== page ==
I've released a new side-project, a library called Async Alpine! Async Alpine is a wrapper for the fantastic Alpine.js JavaScript library, giving you greater control of component loading and adding asynchronous/lazy loading to Alpine. This makes loading components when visible, for certain screen widths, on events and more, super simple!

If you want to dive straight in check out the Async Alpine GitHub repo for the docs!

This is a companion post to "Code Splitting in Alpine.js", a post that goes into more depth on why we would want to split up our code more, and the principle on how we do it in Alpine. Check out that for more depth, stay here for how to get started with Async Alpine.

Getting Started

There's a few different methods of installing, depending on how you load Alpine.

If you load Alpine via a CDN script, do the same with Async Alpine:

<script src=""></script>
<script src=""></script>

For npm installations, install with npm install async-alpine and include it in your bundle:

import Alpine from 'Alpine.js';
import AsyncAlpine from 'async-alpine'
// any components or plugins go here


Async Alpine leans into and relies on ES Modules to dynamically import components. This supports all modern browsers and keeps the package fast and lightweight.

An ES Module Alpine component looks like this:

export default function myComponent() {
return {
message: 'hello!',

init() {

It's common to write Alpine components like this already, so this might look familiar! The key thing is that the file uses export default ES Module syntax to export the component function.

If you ship handwritten JavaScript then you can write your component similar to above, pop it in your assets directory and you're golden!

If you process JS with a build tool or bundler you may need to do some work to output modules in the right format. This will depend on your build tool, but the majority are easy to set up:

Importing Components

You write your Alpine components as normal with Async Alpine, and add a couple of attributes to your component root:


The ax-load attribute declares that this is managed by Async Alpine and declares the strategy—we'll leave that as the default for now.

In ax-load-src you add the public URL of your component module. Here you can use relative URLs (/assets/component.js) or remote full URLs including the domain name (

Now your component is loaded asynchronously when it is present on the page! No need to load it everywhere in your bundle, it'll only load if it's needed.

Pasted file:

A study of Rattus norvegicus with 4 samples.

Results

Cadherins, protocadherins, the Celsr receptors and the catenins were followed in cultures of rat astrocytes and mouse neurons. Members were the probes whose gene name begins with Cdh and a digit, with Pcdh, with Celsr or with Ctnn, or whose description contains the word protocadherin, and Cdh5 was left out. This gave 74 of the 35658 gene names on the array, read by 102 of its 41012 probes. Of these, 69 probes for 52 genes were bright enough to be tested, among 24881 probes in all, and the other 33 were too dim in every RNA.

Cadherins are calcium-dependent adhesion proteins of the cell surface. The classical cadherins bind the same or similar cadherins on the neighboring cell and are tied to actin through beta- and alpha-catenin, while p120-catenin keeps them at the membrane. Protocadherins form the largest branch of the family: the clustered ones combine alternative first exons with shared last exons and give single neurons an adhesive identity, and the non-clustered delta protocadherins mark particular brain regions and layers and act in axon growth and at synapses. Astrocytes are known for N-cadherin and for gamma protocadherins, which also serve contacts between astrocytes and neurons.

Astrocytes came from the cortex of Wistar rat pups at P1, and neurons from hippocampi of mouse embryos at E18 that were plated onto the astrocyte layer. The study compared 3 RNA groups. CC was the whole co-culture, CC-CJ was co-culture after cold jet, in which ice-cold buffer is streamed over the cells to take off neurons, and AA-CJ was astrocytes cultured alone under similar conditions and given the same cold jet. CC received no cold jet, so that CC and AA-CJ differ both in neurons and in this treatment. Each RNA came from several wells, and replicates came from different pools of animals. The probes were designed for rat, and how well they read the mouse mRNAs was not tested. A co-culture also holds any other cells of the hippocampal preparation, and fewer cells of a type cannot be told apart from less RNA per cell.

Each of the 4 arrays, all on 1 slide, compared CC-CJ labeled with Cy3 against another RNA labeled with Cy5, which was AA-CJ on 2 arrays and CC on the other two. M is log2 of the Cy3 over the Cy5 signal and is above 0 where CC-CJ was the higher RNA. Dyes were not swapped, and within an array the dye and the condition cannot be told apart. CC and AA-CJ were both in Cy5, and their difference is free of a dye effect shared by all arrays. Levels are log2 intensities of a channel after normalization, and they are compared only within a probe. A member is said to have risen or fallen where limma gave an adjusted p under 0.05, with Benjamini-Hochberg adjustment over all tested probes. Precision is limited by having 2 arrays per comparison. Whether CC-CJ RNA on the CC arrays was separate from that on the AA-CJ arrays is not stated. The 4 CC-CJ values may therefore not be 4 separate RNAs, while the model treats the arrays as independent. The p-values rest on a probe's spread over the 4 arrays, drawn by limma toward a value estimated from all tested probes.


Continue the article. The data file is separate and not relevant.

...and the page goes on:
Loading Strategies

We left ax-load as the default previously, but we can be more specific than that! By default Async Alpine will load components 'eagerly', that means if the component is used on the page it will be downloaded as soon as it's found.

That's perfect for high-priority components at the top of the page, but for less important components we can use other rules to load them when they're needed. This component will load when it comes into view using the 'visible' strategy:


At the time of writing, Async Alpine has six different strategies:

  • eager—load the component as soon as it's found;
  • idle—waits until the browser isn't busy;
  • visible—load the component when the user scrolls close to it;
  • media—in response to any browser media query!
  • event—use a DOM event to trigger loading at your command;
  • parent—for loading nested components smarter.

These can be used as you'd like, and even combined for really advanced loading strategies!

A carousel at the bottom of a page that only displays on small screens? ax-load="visible | media (max-width: 768px)" has you sorted!

An 3D model viewer that runs on a button press but needs to ensure it's parent is loaded first? ax-load="event | parent" will do the trick.

Project Status

Async Alpine is still in development and the API isn't totally stable quite yet. That said, I use it successfully on production sites and would encourage you to give it a try!

There's more information, installation instructions, examples, and advanced settings in the documentation on GitHub.

If you use it or have any questions I'd love to chat with you! I am very keen to see how it can help improve the websites you build, get feedback from people who have used it and make improvements in response!

Thoughts or comments?

If you have any comments or feedback on this article, let me know! I'd love to hear your thoughts, go ahead and send me an email at or contact me on Mastodon.